Tina Fegent on the effect of economic pressures on brands

By Carol Mason

Starting out on the client side working for blue chip companies, then moving to Grey and Lowe, Tina Fegent is an original innovator in the marketing procurement space. She now provides consultancy to brands in the UK, US, Europe and China, across all marketing procurement segments.

Below is her insight on current marcoms conditions, as part of our View from the Consultant’s Desk interview series.

First, please describe your consultancy – what is your geographic reach; along with pitch consultancy, what other services do you provide to clients; what is your background?

I run a Marketing Procurement Consultancy having been one of the first to work in this area around 30 years ago. I am based in the UK and work globally for clients in the UK, Europe, the USA, and China. Having set up the marketing procurement teams at Cellnet (VMO2), GSK and Orange (France Telecom), I jumped to the other side and worked as a Commercial Director for two London Advertising agencies – Grey and Lowe.

It has given me a real and unique experience on both sides of the client and supplier relationship. My services alongside pitch management are Consulting (Agency Rosters, Fees, Production, SOW’s, and Ways of Working); Implementation (of the projects identified in a consultancy project as well as the set up of bespoke marketing procurement teams) and then Training and Mentoring on all things Marketing Procurement.

Taking a top line look at the industry in 1H 2022, how active has pitch / new business been this year? Do you see this metric as a barometer of industry health?

The year started busy on the new business and pitching front and I think that this was a lot of pent-up demand post Covid and that was a good sign for the industry. The impact on the supply market for a lot of agencies was hard especially with the recruitment of talent that many were facing. I saw many agencies saying no to clients and being very selective in the work that they pitched for.

As we move into the 2nd half of 2022 activity has slowed down and I think we all need to be aware of the impact of this as we move forward in 2022 and 2023.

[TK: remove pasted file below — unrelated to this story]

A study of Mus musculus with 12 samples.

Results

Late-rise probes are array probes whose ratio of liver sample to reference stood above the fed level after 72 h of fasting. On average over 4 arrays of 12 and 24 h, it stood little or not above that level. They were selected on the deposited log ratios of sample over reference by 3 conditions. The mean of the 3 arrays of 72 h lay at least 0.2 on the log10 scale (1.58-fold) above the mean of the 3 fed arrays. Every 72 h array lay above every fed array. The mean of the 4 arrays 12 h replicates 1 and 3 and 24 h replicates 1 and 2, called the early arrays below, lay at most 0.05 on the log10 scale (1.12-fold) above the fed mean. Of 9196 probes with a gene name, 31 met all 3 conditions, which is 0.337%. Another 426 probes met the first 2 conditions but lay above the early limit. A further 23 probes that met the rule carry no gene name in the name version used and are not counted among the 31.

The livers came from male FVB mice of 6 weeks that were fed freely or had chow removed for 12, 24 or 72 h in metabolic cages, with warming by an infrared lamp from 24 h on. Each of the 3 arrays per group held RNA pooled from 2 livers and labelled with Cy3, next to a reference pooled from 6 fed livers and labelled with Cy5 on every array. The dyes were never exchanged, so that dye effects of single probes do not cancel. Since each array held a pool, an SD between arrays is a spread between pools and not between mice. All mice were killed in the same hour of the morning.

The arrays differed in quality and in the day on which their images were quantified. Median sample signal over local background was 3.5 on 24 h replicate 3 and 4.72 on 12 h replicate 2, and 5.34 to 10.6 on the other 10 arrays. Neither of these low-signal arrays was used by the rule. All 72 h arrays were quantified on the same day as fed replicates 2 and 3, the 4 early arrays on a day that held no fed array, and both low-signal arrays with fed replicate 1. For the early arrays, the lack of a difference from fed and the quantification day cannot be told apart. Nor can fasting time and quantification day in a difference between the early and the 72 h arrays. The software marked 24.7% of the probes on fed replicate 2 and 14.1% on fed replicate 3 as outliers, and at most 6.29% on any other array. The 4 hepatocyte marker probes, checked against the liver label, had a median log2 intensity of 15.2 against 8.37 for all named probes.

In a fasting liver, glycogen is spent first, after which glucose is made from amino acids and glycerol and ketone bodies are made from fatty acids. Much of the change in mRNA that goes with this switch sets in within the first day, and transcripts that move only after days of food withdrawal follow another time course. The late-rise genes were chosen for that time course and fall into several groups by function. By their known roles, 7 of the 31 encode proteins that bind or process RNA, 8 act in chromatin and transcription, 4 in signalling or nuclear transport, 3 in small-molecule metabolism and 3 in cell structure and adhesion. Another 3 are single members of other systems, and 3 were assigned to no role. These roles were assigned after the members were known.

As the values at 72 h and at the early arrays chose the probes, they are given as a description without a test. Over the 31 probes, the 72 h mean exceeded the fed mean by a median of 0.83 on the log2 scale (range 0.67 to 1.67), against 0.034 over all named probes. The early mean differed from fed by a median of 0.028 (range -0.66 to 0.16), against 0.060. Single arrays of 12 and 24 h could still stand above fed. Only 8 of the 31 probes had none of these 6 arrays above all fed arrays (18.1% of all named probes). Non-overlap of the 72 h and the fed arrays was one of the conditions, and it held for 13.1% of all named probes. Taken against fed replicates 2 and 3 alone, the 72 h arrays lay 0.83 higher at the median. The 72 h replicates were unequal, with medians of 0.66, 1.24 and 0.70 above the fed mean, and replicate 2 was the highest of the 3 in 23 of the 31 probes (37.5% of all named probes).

With the forecast recession, impact on their supply chain costs, the agency talent issues and an increased focus on the impact of the pitch processes, I think clients are having to reevaluate their marketing strategies and budgets, and I hope they will work closely with their agencies on this and be open about the challenges that both sides could face.

The Pitch Positive Pledge has gained momentum in the UK. Brands, consultants, and agencies are making a promise to improve the entire pitch process. What can a brand do to improve the process on their side? And the same question about agencies?

A brand and its procurement team must really analyze if they need to pitch. Whilst the process of tendering for any goods and services is a well-worn path for any procurement team, the sourcing of marketing services is based on the value of both the strategic and creative outputs and is very heavily based on people, we are not buying widgets to a certain specification.

So, identify the business needs and end objectives first, and then marketing and procurement to discuss what the best route is to meet that requirements. First choice should not automatically be a pitch. For agencies, and I am seeing this quite a lot, be diligent and really consider where best to invest your resource into a pitch.

They are a lot of work, and you really want to use your teams on the processes that you feel will give you the best outcome by winning it.

What is your view of the growth in client-side in-housing, do you think this is a trend that will continue?

Yes, following on from really considering if you want to do a pitch, there are other choices in ‘Make vs Buy’ I call it. We have the options of bringing those services in house. There is a lot of benefits to this option – cheaper, quicker and more aligned to the brand.

But it is only right for certain categories of marketing spend and it will depend on the client, their requirements and what level of investment they want to make in additional resources versus using an external agency.

What advice would you give to a small agency looking to land a major client?

Do your research on their business issues. Articulate how you could help them. Give them guarantees that you can support their contract. Engage with their Marketing Procurement teams. Show the ROI that you can deliver to them.

And finally, what gets you excited about an agency that you are shortlisting for a pitch?

Their enthusiasm for the client and the brief and showing that to the client (you will be surprised how sometimes that isn’t the case), and the willingness to engage and work with procurement (I have to say that don’t I?).